Beginner’s Guide to Ultimate Frisbee

by Jacob St. John

Football, basketball, baseball, soccer, and hockey. Each of these professional sports are a staple in American culture. But it’s the more rugged sports that deserve some celebration. I’m talking about ultimate frisbee. Spikeball. Four-square. Gaga ball. Heck, even throw tag in there. Each of these sports are a staple in youth-group culture, and believe it or not, each of them has a professional league. You’re not going to make any money if you go pro, however, because they’re quite simply not mainstream enough. Patrick Mahomes, the highest paid player in the NFL, is earning half-a-billion dollars on his latest contract to throw a ball down the field, and occasionally run. The average ultimate frisbee player needs to run all the time, throw most of the time, and doesn’t get breaks in between every play. Despite that, the average AUDL (American Ultimate Disc League) salary per season is 400 dollars. Yep. Only a three-digit number to play a more physically demanding sport more times per year. If ultimate was more well-known, we’d be speaking of Beau Kittridge in the same breath as Tom Brady.

Ultimate shares a lot in common with American football, even being played on the same exact field. You move the frisbee downfield, but the catch is that when you have the frisbee, you can’t move. You have to pass it off to one of your teammates until you reach the endzone. You score one goal at a time (like soccer), and there are seven players per team on the field.

Whenever the disc is dropped or intercepted, you immediately switch to defense, which is part of why ultimate is difficult endurance-wise. You play quarterback, wide receiver, and cornerback when you’re out on the field with your only rest coming when a touchdown is scored or when a disc goes out of bounds. It took me quite a while to even play a standard 40 minute game without getting completely gassed by the end. 

But what makes this beautiful sport worth it is how fun it is. It’s fun to unleash a throw down the field and have it sail into a teammate’s hands. It’s fun to pluck a frisbee out of the sky and land on the ground to a chorus of “oohs” and “aahs” and “whoas.” It’s fun to finally master a forehand throw and uncork it down the field. What you lose in water weight, you gain in the time of your life. 

That’s not to say it’s always fun. After a few pickup games, there’s usually a few injuries here and there, and someone will usually be bleeding. I’ve seen a man sprain both ankles on back-to-back plays; funny now that he’s healed, but he wasn’t able to play for a few weeks. I myself sprained my right ACL, and it was a non-contact injury. I felt the top half of my knee just kind of shift over the bottom half, and there was some immense, serious pain for a good bit afterwards.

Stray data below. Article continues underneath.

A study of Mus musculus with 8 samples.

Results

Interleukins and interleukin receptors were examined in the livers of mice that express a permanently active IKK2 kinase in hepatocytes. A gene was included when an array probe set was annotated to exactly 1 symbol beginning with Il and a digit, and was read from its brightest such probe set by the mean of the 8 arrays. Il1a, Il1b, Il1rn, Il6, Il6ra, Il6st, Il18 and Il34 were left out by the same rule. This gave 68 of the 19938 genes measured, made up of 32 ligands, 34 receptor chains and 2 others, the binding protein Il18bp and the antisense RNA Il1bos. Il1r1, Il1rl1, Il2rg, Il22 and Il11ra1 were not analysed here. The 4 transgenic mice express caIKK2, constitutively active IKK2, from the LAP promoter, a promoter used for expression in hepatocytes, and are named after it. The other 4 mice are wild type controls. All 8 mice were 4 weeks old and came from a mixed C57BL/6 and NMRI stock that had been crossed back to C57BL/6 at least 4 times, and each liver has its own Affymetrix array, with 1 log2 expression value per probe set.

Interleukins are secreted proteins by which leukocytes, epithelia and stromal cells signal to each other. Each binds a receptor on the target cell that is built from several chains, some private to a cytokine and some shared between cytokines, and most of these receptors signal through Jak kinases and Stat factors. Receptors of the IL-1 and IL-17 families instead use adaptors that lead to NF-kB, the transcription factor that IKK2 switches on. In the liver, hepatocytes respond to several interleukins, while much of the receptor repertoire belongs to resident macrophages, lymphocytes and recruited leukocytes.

The weather is also quite unkind to ultimate players, as even the tiniest gust can send your perfectly placed frisbee out of bounds. The bright sun doesn’t help, as you’re constantly looking up, searching for the disc. In the cold weather, this frisbee’s painful to catch. And rain is just awful, ensuring that the frisbee will slip out of your hands whether you’re catching or throwing. 

And then there’s the season. For the past two years of playing intramural frisbee at HBU, I’ve had some brutal playoff losses. The first one was when my team, the Triangles, were heavy underdogs, going winless. We were set to go against a good, solid team, or at least one that had beaten us by 6 in the regular season. We took them all the way to double overtime before losing in sudden death. And then there was this year, not even a month ago, in which we lost a hard-fought battle (to a team named Hammeriods) through the 15 MPH wind, where the other team scored a game-winner with 15 seconds left. 

I haven’t won a championship yet, and that’s part of the reason I still play ultimate. I want to hone my skills and improve until I become a respected force on the field. But I also play because it’s just so much fun. Ultimate is a game of redemption. In-game, if you drop a disc or misfire a throw, it’s easy to redeem yourself, as there’s plenty of time to make a defensive play on the other end, or to correct your mistake at a later time. I haven’t hit my season redemption yet, but finding it in the game is always satisfying. 

At HBU, ultimate players gather on the football field Tuesday and Thursday at 9:30  at night to play to their heart’s content. Oftentimes we’ll go past midnight because we’re caught up in the game, and new faces are always welcome. The community here’s great, and I myself have made a ton of friends playing this great sport. 

I’ll close with some tips for beginner ultimate players: Don’t panic. You’ve got 10 seconds to throw the disc after you catch it, so don’t feel pressured to throw it away immediately. Don’t stress out about your mistakes, because as I said before, ultimate is a game of redemption. And finally, use the game as a way to meet people. Those you meet are an amazing group of athletes, ready to run, sweat, and most importantly, have fun. 

Jacob St. John is a Cinematic Arts major and a Creative Writing minor at HBU. In his spare time he likes to make music, play ultimate frisbee, and lament the fact that his favorite sports teams are terrible.